Call Today to Schedule an Appointment: 212-319-5282
Every year, 40 deaths in the United States result from insect stings. This is the result of an allergic reaction to certain insects. Overall, estimates conclude that insect allergies affect around 5% of the American population. While this is a small percentage of the total, it nonetheless is a concern. While few people do not have some sort of physical response to the actions of an insect, some do. The question is, how do you differentiate between a normal and allergic response?
Everyone has been bitten or stung. In our daily lives, even in urban areas, it is hard to escape. The most common suspects are the usual ones:
No matter who you are, your body will react to the injection of the insect’s venom. This confuses the matter. However, while many of the symptoms are similar, the extent of them may help differentiate between normal and allergic reactions.
A normal reaction tends to consist of pain and swelling. There may also be redness. However, it is usually confined to a specific area – the actual site of the bite or sting. What is also notably shorter and less severe than an allergic reaction is the duration. If you are not allergic to the insect’s venom, you will be itchy and sore briefly. The symptoms may disappear within minutes or even hours. At most, the site will be itchy for a day or two but not noticeably so.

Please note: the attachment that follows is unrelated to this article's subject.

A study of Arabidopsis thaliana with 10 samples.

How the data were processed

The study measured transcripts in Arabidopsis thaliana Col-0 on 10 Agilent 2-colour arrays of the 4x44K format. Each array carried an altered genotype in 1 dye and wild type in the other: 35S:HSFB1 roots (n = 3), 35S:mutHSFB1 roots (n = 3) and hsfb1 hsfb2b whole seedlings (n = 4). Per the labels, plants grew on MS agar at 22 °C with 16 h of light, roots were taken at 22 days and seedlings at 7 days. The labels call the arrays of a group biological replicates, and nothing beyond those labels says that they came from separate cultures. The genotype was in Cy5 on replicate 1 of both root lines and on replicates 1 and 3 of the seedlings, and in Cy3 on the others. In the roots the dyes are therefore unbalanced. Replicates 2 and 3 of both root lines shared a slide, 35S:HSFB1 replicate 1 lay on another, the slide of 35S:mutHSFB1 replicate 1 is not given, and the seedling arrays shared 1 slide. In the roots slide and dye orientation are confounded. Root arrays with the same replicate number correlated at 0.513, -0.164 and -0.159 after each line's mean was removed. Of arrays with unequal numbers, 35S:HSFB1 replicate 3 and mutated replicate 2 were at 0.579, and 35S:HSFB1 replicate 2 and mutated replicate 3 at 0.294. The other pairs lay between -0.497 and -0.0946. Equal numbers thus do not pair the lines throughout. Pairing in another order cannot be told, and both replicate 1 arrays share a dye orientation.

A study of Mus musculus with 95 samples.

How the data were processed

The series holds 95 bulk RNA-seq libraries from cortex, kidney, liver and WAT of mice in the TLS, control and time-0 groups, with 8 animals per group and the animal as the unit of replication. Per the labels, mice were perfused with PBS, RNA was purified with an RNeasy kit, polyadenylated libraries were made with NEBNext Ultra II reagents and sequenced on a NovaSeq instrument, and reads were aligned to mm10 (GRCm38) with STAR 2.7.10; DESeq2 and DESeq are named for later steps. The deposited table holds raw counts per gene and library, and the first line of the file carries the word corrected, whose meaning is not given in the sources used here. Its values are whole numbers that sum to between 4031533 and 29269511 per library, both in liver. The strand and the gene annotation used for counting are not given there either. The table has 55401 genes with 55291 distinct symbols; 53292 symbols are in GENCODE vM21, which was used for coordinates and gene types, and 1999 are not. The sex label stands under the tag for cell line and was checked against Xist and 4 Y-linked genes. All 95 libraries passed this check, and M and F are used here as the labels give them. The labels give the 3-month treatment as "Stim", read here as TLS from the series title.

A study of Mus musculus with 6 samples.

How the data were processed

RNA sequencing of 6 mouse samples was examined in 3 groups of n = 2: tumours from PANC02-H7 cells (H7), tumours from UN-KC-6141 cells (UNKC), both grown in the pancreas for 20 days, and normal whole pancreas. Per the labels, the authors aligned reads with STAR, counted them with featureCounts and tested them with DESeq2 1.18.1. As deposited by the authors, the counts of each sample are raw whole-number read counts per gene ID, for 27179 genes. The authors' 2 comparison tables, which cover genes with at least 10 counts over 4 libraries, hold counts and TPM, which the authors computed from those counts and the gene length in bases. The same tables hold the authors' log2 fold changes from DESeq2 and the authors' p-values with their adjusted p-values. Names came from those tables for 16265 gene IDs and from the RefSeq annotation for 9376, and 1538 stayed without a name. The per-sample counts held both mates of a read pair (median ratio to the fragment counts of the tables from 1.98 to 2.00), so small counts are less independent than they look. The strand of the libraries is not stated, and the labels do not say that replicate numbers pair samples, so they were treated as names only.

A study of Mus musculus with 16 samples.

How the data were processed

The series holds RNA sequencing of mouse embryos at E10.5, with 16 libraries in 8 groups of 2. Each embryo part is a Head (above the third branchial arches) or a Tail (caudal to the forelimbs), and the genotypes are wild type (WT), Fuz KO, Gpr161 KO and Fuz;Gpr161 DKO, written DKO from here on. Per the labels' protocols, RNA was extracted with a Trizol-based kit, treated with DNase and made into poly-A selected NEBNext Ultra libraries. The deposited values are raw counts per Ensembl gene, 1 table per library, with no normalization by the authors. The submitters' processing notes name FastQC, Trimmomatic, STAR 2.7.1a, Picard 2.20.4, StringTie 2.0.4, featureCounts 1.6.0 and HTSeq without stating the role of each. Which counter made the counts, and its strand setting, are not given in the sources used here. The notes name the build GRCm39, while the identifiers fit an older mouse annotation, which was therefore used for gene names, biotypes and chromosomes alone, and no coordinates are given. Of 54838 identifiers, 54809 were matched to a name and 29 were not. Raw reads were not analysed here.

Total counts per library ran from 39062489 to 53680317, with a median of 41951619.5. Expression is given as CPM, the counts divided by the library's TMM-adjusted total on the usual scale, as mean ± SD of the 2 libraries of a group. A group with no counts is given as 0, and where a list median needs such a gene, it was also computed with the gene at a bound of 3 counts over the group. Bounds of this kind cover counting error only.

However, allergic reactions do not adopt the same pattern. You experience redness and swelling, but the extent and duration differ substantially. It will depend upon the specific type of allergic reaction you have. It may fall into one of two categories.
If not addressed immediately, you may sink into unconsciousness or go into cardiac arrest or anaphylactic shock.These symptoms and the result make allergic reactions very different from those of the average person. If you feel you are at risk, talk to your doctor and consult a specialist.